March 12, 1993|R. DANIEL FOSTER | SPECIAL TO THE TIMES; R. Daniel Foster writes regularly for The Times

Farrah Fawcett sprawls across Jack Condon's spare bedroom floor, looking stunning in her one-piece black leotard.

Smiling at Condon, she demonstrates how inches can melt away with a few twists of her Exerstik, a broomstick-like invention. ("The fast way to tone your tummy!")

Picking Fawcett up, Condon leans her against the wall and considers his 5,000-piece memorabilia collection, a retrospective of the careers of the "Charlie's Angels" cast.

Fawcett's likeness, printed on the Exerstik box, is one of hundreds of Fawcett's photographs that surround Condon.

"I think it's a lot for people to comprehend," said Condon, who lives in the San Fernando Valley.

It's also an eyeful for Fawcett, Kate Jackson, Jaclyn Smith, Cheryl Ladd, Tanya Roberts and Shelley Hack--all of whom played Angels on the 1970s series and have heard of the collection.

Condon began buying merchandise spawned by the show as an 11-year-old living in Belleville, N.J. He moved to the Valley two years ago and now shows off his collection to friends who drop by.

Surrounded by "Charlie's Angels" lunch pails, rain gear, hair dryers, dollhouses and Farrah beanbag chairs, Farrah rugs, Farrah pillows and Farrah deodorant, Condon seemed genuinely puzzled at the obvious question:


"At the time it was the new show, a phenomenon," said Condon, pushing back a shock of blond hair. "I watched all 108 episodes. After a few years, I realized if I hung on to all this stuff without taking it out of the bubble wrap, it might be worth something someday."

Condon was right. Some collectors now pay up to $50 for a Jaclyn Smith paper doll that cost 69 cents in 1977.

Condon, who works as a sales representative for Gift Box Corp., has no idea how much his collection is worth, and has no plans to sell it.

Flipping through stacks of 2,700 photographic stills of the actresses' TV appearances, Condon said he bought most of the items during the show's four-season run, which began in 1976.

He has purchased a few items since then, such as the $200 pinball machine he happened on while it was being delivered to a bar.

The 1970s was a peak decade for TV merchandising, said Philadelphia collector Giovanna Del Buono, an expert in memorabilia trivia.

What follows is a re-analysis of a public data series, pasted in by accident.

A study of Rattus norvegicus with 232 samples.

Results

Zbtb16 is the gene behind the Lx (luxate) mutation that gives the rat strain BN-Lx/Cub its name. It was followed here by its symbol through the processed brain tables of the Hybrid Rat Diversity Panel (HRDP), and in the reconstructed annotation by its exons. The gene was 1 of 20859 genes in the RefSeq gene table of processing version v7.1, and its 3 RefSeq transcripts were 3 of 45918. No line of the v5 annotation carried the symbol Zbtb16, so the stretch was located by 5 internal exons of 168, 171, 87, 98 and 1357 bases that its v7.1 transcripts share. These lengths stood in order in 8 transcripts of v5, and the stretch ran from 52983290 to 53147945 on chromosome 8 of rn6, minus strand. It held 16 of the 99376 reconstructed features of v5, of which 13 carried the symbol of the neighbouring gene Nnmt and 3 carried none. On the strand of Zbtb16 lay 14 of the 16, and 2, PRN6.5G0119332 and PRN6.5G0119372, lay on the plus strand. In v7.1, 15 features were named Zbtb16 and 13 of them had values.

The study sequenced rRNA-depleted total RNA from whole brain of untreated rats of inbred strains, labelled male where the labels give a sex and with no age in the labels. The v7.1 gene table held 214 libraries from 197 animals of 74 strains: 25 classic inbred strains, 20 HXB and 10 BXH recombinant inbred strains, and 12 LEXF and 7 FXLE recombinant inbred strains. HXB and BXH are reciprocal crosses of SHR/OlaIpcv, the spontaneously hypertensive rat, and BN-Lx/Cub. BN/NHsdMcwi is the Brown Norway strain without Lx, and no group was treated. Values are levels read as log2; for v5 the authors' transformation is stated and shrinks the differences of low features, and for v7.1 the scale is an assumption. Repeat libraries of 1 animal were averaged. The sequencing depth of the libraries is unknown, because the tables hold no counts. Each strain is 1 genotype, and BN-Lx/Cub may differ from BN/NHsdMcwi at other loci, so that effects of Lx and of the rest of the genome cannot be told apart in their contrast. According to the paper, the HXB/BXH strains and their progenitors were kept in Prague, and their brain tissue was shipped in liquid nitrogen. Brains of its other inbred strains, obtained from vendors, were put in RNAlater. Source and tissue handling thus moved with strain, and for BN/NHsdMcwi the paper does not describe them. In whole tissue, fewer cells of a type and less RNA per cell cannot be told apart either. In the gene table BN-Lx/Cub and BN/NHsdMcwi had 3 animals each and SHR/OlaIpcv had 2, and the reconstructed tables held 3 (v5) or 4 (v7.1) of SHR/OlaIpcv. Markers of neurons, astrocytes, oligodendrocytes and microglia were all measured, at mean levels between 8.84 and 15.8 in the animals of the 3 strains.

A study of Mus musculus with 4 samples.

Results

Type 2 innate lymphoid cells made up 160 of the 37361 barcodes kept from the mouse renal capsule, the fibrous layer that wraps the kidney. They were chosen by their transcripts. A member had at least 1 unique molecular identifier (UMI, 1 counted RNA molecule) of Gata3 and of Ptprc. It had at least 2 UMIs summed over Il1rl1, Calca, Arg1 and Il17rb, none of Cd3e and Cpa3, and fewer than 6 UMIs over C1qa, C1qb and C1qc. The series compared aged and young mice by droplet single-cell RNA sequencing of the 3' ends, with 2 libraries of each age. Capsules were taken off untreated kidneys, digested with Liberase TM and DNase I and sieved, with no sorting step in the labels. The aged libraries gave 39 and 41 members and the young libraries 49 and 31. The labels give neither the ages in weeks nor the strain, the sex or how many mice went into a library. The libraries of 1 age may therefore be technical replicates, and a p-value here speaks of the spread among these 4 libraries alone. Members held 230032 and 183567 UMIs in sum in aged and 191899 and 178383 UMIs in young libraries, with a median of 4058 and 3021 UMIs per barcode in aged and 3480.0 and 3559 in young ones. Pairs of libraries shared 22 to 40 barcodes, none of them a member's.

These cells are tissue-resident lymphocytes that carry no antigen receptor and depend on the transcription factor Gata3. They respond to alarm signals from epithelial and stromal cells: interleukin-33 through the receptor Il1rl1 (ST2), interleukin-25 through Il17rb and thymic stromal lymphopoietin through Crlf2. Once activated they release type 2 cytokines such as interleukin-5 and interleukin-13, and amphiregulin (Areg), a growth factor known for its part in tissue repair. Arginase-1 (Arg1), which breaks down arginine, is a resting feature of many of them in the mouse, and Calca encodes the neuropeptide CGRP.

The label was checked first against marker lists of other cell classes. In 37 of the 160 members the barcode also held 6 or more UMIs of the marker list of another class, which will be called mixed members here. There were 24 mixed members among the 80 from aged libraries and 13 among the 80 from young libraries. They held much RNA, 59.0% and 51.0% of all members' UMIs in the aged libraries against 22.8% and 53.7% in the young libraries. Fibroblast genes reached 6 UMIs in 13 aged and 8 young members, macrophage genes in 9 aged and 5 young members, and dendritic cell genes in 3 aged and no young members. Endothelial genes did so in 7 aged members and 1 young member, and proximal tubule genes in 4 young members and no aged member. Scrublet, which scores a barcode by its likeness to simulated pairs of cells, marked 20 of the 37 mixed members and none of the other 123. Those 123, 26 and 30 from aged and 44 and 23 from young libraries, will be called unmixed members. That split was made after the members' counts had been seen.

"TV show merchandising died out in the 1980s because kids were going to movies more," said Del Buono, who collects Beatles souvenirs. "But it has picked up again lately with shows like 'The Simpsons' and 'Beverly Hills 90210.' "

Del Buono said Condon's collection is the largest of its kind.

"Others have concentrated on a single Angel, but Jack has made quite a study of the whole show," she said. "The series had three lead characters to create merchandise around, so there's a lot out there."

In fact, "Charlie's Angels" was a testament to merchandising run amok.

The show's concept, considered by some to be "a feminist's worst nightmare" seemed a perfect match for creating and entire industry around the Angels' sex appeal. (The women sleuths worked for an unseen boss named Charlie, with the voice of John Forsythe.)

Condon is quick to defend his Angels, most of whom he has met by finessing introductions through various friends.

"Farrah never wore a bikini on the show, and when she did go swimming, she wore a one-piece bathing suit," said Condon, standing in a room papered wall to ceiling in early Fawcett posters.

Condon's latest addition is a Body Slide, an exercise device promoted by Cheryl Ladd. Ongoing acquisitions include K mart displays that feature Jaclyn Smith's line of clothing.

"That's what keeps me going" Condon said. "I now get to track their current careers. All of them do one or two TV movies each year, along with products they promote."

Condon has also packed away an impressive stash of the actresses' pre-Angels memorabilia, such as hair nets and shower bonnet packages he found printed with Shelley Hack's photo, and sold when she worked as a model.

Perhaps the most intriguing item in Condon's collection is the script from the series' pilot show, titled "Harry's Angels."

"There was another show on at the time with the name 'Harry' in it, so they had to change the name," Condon said.